One of the luxuries of streaming is to reappraise films from the past; this remake of John Carpenter’s 1976 B movie classic got short shrift on release, perhaps because of the general adulation for the original. But this time I changed the record, and decided to tackle the remake first. Jean-François Richet’s reworking does pretty nicely on its own merits, and deserves a stand-alone review.
Ethan Hawke, last seen dressed as Nikolai Tesla and singing Everyone Wants to Rule the World on karaoke, puts on his best leading man big-boy boots to play Jake Roenick, who happens to be in charge of the police station in question on the night that all hell breaks lose. It’s Dec 31st, for a start, Jake’s shrink (Maria Bello) is visiting, and the cells are full of crims coming up and down on various substances. But taking in crime-lord Bishop (Laurence Fishburne) sets the cat amongst the pigeons, with a swarm of corrupt cops determined to make sure that Bishop takes his secrets to the grave. Roenick knows all about police corruption, and refuses to go along with it; he gives arms to Bishop and the other crims, and they prepare for a brutal siege as the minutes tick by.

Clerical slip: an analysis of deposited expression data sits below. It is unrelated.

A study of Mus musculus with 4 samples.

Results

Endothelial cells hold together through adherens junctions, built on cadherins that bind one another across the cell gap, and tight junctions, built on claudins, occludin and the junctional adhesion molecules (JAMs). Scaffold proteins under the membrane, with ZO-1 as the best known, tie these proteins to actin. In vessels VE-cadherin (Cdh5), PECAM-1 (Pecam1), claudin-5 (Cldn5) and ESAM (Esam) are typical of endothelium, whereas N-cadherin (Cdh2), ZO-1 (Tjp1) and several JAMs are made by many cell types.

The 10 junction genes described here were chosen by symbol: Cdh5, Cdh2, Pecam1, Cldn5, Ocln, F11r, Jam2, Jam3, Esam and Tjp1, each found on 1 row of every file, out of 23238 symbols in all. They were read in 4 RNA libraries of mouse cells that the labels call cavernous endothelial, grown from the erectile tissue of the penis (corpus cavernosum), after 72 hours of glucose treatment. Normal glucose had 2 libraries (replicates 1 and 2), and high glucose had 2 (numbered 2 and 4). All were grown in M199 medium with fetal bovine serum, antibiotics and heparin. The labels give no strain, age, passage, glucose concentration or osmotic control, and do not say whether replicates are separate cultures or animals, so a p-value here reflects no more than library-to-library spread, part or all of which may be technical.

Before he went on to the eminence grise behind the Purge franchise, writer James DeMonaco did a neat job here; he inverts the allegiances, with the station no longer under siege from street-gangs but crooked cops. There’s some cheesy moments, and some painful clichés, sure, but somehow the situational drama remains intact; some films make a virtue of being trapped in one location, and that notion still works here.
There’s also a touch of The Matrix about Fishburne’s character, and more than a hint of John Wick’s urban glow; Assault on Precinct 13 could be set in the Wick world. Hawke and Fishburne are excellent performers, the support (Bello, Brian Dennehy) shine, and the whole enterprise has the feel of a good if uninspired B movie, with tough, not improbable action that drills down to a final shootout in a snowy forest. Purists may scoff, but while Carpenter’s version should be preferred by cineastes, casual views should do just fine with DeMonaco’s spare, lean thriller.